July 6, 2007
La Jolla, CA – Salk scientist Marguerite Vogt, M.D., long regarded as one of science’s greatest unsung female researchers, died today. She was 94 years old.
A resident of La Jolla, CA., Vogt was the Institute’s oldest working scientist who logged more years than any other researcher at a Salk bench. She worked closely with Nobel laureate Renato Dulbecco, M.D., also a long-time Salk investigator, on research that changed how both viruses and cancer are studied. The team first described how the polio virus forms plaques in cell cultures – work that transformed virology from a descriptive to a quantitative science – and then how a virus can turn a cell cancerous. Their studies provided some of the first clues to the genetic nature of cancer.
During her nearly 80-year career as a scientist, Vogt educated or helped train scores of scientists, young postdoctoral fellows and graduate students. In addition to Dulbecco, those under her tutelage include four researchers who eventually won the Nobel Prize.
Although Vogt won no awards of distinction, she was not unhappy about it – as she told a New York Times reporter in 2001: “I’m happy not to have been bothered. When you get too famous, you stop being able to work.”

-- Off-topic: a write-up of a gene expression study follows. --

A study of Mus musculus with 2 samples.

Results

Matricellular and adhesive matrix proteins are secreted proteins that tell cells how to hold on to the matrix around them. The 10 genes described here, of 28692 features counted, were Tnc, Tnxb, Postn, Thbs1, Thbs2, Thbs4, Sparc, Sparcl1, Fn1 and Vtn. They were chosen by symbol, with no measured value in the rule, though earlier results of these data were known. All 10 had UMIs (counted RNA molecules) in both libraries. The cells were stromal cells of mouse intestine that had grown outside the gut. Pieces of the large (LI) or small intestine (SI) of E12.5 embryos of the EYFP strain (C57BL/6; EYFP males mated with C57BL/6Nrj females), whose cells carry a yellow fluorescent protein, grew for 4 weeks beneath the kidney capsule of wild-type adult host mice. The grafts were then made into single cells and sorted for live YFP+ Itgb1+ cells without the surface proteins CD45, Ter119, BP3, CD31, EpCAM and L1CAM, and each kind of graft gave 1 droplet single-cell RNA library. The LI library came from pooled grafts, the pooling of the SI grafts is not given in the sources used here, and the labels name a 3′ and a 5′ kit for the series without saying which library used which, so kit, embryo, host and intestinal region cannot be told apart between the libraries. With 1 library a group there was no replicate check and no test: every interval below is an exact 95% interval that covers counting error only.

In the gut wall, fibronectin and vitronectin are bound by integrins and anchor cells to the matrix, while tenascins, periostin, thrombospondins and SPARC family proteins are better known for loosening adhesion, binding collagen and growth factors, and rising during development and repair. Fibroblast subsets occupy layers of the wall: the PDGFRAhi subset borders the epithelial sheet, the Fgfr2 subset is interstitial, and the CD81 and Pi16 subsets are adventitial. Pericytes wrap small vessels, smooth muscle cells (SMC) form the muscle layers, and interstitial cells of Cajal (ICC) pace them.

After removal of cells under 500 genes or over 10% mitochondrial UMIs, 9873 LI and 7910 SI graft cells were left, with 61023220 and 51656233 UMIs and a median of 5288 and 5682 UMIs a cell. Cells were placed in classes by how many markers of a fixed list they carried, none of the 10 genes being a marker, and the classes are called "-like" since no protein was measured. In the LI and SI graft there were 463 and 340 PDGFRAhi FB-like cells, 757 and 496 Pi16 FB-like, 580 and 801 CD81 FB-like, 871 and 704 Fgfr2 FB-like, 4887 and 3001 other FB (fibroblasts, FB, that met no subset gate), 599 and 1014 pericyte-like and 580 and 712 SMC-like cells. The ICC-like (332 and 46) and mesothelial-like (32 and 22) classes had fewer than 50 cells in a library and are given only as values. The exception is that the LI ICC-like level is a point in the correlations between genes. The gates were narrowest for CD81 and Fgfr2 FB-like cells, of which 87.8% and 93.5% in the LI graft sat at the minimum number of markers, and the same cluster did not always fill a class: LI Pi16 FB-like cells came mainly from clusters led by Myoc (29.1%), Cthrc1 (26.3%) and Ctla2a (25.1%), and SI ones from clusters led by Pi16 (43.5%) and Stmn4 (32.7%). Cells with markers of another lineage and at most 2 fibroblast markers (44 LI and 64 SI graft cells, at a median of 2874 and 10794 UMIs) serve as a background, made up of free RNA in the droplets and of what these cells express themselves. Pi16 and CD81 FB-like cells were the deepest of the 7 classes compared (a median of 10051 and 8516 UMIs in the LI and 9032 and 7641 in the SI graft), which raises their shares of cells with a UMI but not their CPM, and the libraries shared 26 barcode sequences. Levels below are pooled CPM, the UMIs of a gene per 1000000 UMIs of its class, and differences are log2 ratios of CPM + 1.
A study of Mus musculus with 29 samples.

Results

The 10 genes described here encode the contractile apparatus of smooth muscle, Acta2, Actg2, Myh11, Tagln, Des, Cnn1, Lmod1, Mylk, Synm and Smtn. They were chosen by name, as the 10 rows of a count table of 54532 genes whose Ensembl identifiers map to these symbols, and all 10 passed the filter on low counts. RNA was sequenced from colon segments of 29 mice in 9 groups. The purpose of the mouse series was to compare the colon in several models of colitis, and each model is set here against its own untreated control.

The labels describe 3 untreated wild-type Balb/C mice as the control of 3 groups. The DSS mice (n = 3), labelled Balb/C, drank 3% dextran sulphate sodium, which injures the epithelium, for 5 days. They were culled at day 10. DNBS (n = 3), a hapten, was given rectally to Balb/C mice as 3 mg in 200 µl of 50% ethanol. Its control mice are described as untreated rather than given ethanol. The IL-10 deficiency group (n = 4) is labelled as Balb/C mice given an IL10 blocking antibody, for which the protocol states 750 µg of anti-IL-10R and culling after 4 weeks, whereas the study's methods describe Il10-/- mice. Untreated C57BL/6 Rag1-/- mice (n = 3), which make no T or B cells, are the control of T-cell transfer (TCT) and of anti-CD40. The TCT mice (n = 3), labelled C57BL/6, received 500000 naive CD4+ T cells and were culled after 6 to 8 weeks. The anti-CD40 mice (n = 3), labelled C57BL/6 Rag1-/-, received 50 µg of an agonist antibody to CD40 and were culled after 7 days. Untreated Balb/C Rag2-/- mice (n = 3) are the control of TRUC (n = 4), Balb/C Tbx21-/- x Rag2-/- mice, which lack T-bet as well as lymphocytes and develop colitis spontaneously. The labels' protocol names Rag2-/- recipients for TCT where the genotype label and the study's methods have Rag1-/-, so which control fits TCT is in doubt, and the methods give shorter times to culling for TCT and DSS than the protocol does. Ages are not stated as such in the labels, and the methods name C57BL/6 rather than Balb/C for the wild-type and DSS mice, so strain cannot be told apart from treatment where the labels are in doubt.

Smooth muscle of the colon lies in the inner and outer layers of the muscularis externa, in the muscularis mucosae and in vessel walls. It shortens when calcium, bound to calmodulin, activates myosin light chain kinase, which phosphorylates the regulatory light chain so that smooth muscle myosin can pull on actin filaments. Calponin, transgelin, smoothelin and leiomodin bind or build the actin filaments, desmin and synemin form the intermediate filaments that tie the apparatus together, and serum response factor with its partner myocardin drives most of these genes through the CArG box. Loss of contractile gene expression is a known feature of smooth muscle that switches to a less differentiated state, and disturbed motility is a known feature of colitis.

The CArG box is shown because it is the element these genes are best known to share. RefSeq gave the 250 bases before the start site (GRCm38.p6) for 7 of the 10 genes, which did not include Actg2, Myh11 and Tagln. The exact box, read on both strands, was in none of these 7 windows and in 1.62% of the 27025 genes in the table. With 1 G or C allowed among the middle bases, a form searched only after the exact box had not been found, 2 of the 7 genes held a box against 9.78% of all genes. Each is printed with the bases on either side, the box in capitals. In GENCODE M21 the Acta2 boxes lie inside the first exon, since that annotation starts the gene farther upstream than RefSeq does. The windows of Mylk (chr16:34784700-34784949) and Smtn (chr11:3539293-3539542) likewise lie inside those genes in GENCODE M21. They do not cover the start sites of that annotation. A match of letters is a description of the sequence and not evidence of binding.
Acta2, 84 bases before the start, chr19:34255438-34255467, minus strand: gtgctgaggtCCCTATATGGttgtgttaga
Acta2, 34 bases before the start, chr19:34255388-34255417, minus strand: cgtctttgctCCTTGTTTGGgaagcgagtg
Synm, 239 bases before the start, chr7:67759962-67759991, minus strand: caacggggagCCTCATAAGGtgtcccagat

Her love of science was obvious, judging from the 10-hour days she traditionally put in at her Salk laboratory, usually six days a week.
Born in 1913, Vogt’s devotion to science began at age 14, when, growing up as the daughter of well-known German brain researchers Oskar and Cécile Mugnier Vogt, she launched into her own studies of fruit flies. After receiving her M.D. in cancer research from Berlin University, she worked at the Kaiser Wilhelm/Max Planck Institute, where her father was director, until the family left the city for political reasons and set up their own research center in the Black Forest. They stayed there until the end of World War II.
Vogt’s parents trained Marguerite and her older sister, Marthe, to be scientists. In fact, they divided up the brain research and specified areas of interest for their daughters – Marthe was to take on endocrinology of the brain, and Marguerite was to study genetics. Marthe became a prominent neuropharmacologist and worked at Cambridge University in England before moving to La Jolla to be close to Marguerite shortly before she died at age 100.
Marguerite emigrated to the United States in 1950 to work as a research fellow at the California Institute of Technology before moving to the Salk Institute as one of the first senior scientists. Although Vogt was deeply devoted to her science, she made time for other pursuits, including athletics, playing the grand piano she brought from Europe, and keeping in touch with her ever-widening circle of friends.
The Salk Institute for Biological Studies in La Jolla, California, is an independent nonprofit organization dedicated to fundamental discoveries in the life sciences, the improvement of human health and the training of future generations of researchers. Jonas Salk, M.D., whose polio vaccine all but eradicated the crippling disease poliomyelitis in 1955, opened the Institute in 1965 with a gift of land from the City of San Diego and the financial support of the March of Dimes.